From basic to command chief, AF experience brings rewards

MAXWELL AIR FORCE BASE, Ala. -- The journey from the heart of Alabama to the top of the Air Force's enlisted ranks has been an exciting and rewarding trip.

Departing Orrville, Ala., in 1981 carried me from a place and time where doctor's offices as late as 1979 still hung antiquated signs separating patients by race. The entryways of at least one restaurant had yet to remove an old sign for "colors enter in through the rear" and treatment of minorities still left much to be desired. But the promises of the recruiter gave me hope that I could achieve greater things, rising above societal ills. So in April 1981, I began a journey into the unknown.

Basic military training -- Air Force boot camp -- provided a disciplined environment much like home. It mandated an allegiance to integrity, service and excellence. It promoted teamwork and provided the first glimpse of equal opportunity.

Military training instructors hurled orders, corrections and compliments equally to all trainees, not discriminating according to sex, color or ethnicity. Combining this equal access to opportunity with the values taught and upheld by my parents and school principal provided the needed boost to achieve beyond my wildest dreams.

Graduating from basic military training was the defining moment in my life. I was an Airman and a part of something much bigger than myself. I became a part of a team, dedicated to caring for and protecting all Americans.

My entry into active duty gave me access to the world. Before that time Alabama, New York, and New Jersey were the extent of my knowledge of this country. But in the past 28 years I have traveled to almost all 50 states, experienced life in England, Germany, Japan, Korea, Iraq, Uzbekistan, Kyrgyzstan, Turkey and Kuwait.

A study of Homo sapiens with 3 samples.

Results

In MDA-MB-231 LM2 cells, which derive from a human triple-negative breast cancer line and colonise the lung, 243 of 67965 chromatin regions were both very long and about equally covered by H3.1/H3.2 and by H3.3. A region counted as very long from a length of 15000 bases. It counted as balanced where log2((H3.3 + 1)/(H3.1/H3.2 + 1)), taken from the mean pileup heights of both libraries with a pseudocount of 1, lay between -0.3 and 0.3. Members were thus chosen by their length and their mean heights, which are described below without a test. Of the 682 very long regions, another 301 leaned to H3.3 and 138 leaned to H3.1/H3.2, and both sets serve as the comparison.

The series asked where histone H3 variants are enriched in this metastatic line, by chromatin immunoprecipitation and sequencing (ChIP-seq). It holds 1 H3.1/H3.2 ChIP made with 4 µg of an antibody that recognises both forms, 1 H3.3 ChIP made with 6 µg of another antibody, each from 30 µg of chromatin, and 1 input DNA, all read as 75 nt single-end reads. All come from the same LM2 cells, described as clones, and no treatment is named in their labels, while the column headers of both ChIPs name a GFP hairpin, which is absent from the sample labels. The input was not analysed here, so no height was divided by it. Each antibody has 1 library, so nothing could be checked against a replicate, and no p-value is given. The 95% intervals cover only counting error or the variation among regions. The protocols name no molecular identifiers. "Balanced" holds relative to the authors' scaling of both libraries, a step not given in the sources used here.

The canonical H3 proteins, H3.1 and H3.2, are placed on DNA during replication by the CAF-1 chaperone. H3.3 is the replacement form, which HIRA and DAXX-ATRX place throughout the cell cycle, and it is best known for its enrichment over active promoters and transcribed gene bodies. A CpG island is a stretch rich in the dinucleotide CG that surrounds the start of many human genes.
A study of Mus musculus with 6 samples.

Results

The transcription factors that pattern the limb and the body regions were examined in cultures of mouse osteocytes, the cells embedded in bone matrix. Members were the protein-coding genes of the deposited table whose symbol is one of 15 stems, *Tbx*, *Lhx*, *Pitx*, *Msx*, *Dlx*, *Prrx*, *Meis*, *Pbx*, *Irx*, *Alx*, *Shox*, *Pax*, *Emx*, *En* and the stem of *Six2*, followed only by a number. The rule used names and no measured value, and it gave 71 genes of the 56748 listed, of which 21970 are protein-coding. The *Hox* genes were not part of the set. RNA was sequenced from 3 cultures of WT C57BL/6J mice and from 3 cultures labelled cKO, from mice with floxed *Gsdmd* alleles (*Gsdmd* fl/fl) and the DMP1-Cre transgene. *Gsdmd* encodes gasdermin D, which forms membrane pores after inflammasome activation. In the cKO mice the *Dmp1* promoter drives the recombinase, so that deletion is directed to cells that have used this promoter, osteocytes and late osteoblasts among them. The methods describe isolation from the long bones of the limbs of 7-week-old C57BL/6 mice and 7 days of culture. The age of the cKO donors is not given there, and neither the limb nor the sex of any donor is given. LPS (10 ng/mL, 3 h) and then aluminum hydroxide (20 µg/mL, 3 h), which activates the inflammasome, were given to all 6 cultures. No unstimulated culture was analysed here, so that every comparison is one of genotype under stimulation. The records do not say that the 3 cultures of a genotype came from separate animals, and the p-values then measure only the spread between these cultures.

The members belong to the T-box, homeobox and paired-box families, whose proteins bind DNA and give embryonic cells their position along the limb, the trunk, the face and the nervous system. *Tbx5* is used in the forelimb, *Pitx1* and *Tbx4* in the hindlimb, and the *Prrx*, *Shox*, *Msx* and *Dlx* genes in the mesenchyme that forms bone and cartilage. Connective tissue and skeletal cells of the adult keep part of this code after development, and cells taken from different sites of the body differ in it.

I have been afforded the chance to attend the greatest training opportunities and to compete for and win myriad awards and early promotions. The optimum recognition occurred on Dec. 1, 2000, when I was promoted to chief master sergeant, the highest enlisted rank in the Air Force.

I have walked with and shook the hand of the president of the United States; sat in meetings with the secretary of state; met with and discussed programs critical to the moral and welfare of my airmen with congressmen and senators from across the country. I have provided insight and input to the most senior of military officers, and mentored the most junior.

The purpose: To ensure America's Airmen have what they need to secure America. In all of this, the greatest opportunity and responsibility the Air Force has afforded me is to lead young and gifted Americans.

Today, I stand within two years of completing my commitment of serving this great nation as a member of the Air Force. As I stand at this crossroad in life and look at the future of my service and my country, I must say that the future looks better than the past. Yes, tough times await us, but we have an exceptional group of young officers and enlisted men and women waiting their turn to lead us into the next millennium.

I served, and they serve, so that America will always be free.